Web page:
N.J. public workers stand up to looting


TRENTON, N.J. — Thousands strong, they swarmed across the New Jersey Capitol Complex. Public workers from all corners of the state came to voice their concerns and demands. They came by chartered buses, trains and cars, or they walked from their workplaces.

Workers in every occupation made it clear they no longer are willing to carry the financial burden of the looted state coffers, emptied by former Republican Gov. Christine Todd Whitman, her party and her class.

“Raise wages now,” they shouted. “Fund our pension plans, restore them and keep them safe,” they demanded.

The pension funds were drained by under-funding caused by a 30 percent tax cut for the rich during the infamous years of the Whitman Republican administration. They did to New Jersey public workers pension funds what the federal government has been doing to Social Security funding and what private industry has done to workers in steel and elsewhere.

“Save higher education, save Rutgers,” they chanted as others called for more funds for public schools.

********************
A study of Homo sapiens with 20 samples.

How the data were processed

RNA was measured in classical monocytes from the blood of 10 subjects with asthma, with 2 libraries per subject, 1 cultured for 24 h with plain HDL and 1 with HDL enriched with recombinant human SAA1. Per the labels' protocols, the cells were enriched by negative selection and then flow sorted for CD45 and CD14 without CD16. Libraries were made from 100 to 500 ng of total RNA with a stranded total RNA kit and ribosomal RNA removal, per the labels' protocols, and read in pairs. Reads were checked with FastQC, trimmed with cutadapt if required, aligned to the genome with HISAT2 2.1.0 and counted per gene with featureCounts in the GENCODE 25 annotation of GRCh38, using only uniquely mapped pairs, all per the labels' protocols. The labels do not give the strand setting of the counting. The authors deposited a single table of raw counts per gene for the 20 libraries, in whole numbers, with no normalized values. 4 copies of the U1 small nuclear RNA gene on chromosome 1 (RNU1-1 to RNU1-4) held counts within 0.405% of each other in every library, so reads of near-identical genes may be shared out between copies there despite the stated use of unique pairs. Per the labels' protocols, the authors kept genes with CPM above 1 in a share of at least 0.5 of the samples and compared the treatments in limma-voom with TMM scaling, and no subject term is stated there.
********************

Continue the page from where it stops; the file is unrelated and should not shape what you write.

Joining the massive Statehouse rally were firefighters, police, health care workers, highway workers, and workers from the building trades, among others.

While demands and concerns were on everyone’s mind and openly stated, still, the rally was festive, bright and good humored. It called for full pension funding and education funding for public schools and universities.

The New Jersey District of the Communist Party USA issued a statement in support of the workers, their demands and their unions. The statement said in part: “The rich and corporations must pay for an end to the deficit crisis and raids that have weakened the pension funds. This should be done through ‘givebacks’ of their own in the form of progressive tax reform. It is estimated that the present $2 billion deficit would be a surplus were it not for the Whitman tax giveaways. That is the extent of the crisis that has made the rich richer.” The statement also pointed out that that the war against Iraq has already cost New Jersey taxpayers $14.5 billion.

Four thousand leaflets with the statement were distributed.